Fidelity Investments unveiled a new managed account platform designed to help RIAs save time and expense by streamlining the managed accounts process, and provide them with more flexibility and control. The platform, Fidelity Managed Account Resources, is an “integrated managed account platform that provides open-architecture investment capabilities as well as back-office efficiencies,” says Gary Gallagher, senior VP of Fidelity Registered Investment Advisor Group (FRIAG). “We believe it’s the first unified managed account capability that’s delivered to registered investment advisors via an RIA-based custodian.” Fidelity has partnered with Envestnet Asset Management Inc. of Chicago to develop the platform.
Advisors can choose from turnkey wrap products that contain an array of investment vehicles on which Envestnet will provide due diligence and performance reporting, or use the Fidelity Manager Resource Network, a new, separate account “supermarket” for advisors who “want to choose their own managers,” according to Tom O’Shea, VP of managed accounts at FRIAG. This option “does not include due diligence or performance reporting, and therefore doesn’t include the fees for that,” says O’Shea.
“The average cost of an equity portfolio in the Separate Accounts Network where the RIA directly interacts with a subadvisor is 78 basis points,” says O’Shea. That’s partly because when the advisor deals directly with the separate account manager, there are separate contracts between each subadvisor and individual client. In addition, the subadvisor has to reconcile trading activity daily with Fidelity, he says. But when the RIA uses the Fidelity Manager Resource Network, “Envestnet will host clients’ accounts on its secured system; Envestnet will reconcile those accounts with Fidelity; all the subadvisor needs to do is dial into the Envestnet trading system and trade. Envestnet contracts one time with each subadvisor, and the RIA contracts one time with Envestnet,” says O’Shea. This eliminates the back-and-forth of each individual client’s contract with each subadvisor, reducing the workload for subadvisors and RIAs, and “allows us to reduce [subadvisor] fees. We believe that on average we can get our subadvisors at approximately 57 basis points because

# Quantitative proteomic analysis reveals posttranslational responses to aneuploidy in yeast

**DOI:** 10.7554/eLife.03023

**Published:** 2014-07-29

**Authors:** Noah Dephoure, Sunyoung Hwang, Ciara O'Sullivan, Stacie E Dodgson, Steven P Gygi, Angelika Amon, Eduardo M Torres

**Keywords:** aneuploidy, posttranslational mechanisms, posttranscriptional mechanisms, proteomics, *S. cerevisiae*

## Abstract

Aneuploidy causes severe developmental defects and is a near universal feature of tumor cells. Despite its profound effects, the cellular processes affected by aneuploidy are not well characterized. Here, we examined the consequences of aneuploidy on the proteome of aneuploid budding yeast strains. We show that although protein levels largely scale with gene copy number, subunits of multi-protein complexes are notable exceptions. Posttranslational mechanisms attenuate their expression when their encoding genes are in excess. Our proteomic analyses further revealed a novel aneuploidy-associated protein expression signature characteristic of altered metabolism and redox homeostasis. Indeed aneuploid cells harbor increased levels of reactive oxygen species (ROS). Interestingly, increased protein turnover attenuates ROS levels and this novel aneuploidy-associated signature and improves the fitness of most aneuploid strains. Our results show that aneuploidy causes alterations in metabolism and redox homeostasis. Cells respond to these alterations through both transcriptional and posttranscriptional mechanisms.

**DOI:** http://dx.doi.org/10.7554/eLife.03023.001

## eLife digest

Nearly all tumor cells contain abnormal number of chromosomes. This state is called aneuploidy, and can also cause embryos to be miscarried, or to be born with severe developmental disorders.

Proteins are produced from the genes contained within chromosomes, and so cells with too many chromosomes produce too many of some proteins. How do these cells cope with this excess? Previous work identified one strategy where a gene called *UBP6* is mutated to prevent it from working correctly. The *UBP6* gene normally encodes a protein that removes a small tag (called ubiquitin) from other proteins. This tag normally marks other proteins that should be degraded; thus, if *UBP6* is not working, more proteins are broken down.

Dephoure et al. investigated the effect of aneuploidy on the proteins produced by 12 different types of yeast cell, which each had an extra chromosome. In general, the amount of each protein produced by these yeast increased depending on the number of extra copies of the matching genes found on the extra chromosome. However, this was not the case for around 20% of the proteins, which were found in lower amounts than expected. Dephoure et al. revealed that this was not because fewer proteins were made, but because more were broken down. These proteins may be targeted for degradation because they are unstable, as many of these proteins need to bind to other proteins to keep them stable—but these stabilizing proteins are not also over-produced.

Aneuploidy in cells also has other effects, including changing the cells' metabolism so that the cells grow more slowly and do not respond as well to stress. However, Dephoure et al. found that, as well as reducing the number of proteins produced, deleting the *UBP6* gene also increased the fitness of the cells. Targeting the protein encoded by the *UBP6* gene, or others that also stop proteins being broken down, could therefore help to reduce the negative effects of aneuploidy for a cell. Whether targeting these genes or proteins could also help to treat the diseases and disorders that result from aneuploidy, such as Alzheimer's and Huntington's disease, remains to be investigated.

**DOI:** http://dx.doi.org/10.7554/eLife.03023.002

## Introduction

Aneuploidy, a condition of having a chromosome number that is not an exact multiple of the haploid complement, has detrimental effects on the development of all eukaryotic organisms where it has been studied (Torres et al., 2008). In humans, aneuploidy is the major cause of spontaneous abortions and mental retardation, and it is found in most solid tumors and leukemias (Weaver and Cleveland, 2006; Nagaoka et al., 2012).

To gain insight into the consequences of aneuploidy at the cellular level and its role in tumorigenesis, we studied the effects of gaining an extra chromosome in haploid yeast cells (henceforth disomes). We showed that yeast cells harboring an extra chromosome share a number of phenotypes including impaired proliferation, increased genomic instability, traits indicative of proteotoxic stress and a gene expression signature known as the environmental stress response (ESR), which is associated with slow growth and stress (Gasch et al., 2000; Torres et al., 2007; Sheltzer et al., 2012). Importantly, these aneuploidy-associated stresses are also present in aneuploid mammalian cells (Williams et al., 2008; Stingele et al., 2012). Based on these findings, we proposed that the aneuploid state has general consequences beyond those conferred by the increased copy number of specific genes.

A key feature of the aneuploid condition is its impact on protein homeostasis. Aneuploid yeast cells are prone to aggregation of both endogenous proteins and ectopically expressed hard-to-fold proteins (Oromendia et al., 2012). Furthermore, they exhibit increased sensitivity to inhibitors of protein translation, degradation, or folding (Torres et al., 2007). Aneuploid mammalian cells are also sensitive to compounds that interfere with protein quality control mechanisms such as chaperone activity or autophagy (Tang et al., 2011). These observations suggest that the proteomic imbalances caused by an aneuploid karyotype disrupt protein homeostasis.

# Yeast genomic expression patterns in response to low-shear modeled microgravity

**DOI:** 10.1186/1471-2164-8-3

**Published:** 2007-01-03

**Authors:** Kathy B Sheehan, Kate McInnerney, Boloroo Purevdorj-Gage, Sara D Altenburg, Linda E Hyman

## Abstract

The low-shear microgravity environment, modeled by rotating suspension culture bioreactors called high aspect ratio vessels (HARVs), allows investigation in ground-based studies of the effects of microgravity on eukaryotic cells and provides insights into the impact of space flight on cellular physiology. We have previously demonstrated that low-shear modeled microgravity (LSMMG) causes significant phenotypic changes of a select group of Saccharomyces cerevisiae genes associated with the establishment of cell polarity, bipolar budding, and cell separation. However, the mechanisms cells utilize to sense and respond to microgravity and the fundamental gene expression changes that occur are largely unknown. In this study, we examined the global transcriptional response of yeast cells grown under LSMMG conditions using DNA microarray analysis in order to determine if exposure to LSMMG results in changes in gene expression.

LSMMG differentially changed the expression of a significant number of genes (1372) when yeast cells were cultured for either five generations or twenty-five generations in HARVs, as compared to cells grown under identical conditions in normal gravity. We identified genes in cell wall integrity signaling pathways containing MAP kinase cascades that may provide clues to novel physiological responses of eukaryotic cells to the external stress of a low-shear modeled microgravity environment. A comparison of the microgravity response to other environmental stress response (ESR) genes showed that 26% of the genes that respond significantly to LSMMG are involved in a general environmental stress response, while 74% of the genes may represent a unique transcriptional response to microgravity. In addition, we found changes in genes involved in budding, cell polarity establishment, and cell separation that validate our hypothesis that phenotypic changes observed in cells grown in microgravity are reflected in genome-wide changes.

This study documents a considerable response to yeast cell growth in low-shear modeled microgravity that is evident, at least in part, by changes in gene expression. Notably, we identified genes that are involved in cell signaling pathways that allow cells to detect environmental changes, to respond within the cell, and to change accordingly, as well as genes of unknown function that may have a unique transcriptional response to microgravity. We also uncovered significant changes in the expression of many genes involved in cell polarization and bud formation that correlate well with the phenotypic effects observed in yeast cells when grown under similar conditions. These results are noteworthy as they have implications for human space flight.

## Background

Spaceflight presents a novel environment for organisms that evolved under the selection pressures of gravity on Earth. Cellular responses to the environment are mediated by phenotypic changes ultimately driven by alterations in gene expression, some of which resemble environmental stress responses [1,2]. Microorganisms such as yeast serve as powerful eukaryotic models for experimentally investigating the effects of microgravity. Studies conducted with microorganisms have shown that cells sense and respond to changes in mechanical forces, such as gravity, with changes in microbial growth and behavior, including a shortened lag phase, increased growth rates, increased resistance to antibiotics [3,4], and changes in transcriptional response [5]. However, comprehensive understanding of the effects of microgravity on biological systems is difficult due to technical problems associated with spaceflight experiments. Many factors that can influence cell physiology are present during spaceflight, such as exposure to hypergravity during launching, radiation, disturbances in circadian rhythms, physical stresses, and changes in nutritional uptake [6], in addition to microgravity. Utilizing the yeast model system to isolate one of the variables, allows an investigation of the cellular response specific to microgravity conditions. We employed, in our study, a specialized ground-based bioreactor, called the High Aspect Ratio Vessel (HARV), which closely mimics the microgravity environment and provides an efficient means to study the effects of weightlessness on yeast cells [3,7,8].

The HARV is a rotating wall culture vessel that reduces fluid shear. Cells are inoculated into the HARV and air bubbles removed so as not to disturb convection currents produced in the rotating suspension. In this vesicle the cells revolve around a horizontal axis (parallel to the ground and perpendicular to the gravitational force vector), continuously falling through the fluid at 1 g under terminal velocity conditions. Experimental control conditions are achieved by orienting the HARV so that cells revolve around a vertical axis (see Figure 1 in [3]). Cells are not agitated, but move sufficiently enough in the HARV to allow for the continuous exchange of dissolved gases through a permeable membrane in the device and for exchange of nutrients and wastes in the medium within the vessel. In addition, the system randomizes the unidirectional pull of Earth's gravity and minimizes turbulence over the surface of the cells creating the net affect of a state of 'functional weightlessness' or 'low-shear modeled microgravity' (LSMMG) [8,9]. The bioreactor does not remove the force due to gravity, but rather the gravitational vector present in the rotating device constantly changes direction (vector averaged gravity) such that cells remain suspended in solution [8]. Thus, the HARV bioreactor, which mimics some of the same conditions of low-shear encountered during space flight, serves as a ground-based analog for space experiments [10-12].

all that cost is taken out, and it streamlines the interaction–the RIA and client only need to sign one contract, one time,” O’Shea says. Currently 83 managers are participating in the new platform, and Fidelity hopes to grow that number to 150 by year-end, according to O’Shea. The platform is now
a pilot program, with regular rollout
expected this spring.
The platform will help an advisor create what O’Shea calls a unified managed household proposal, to show asset allocation and modeling that aggregates all types of accounts across all members of a household in one proposal.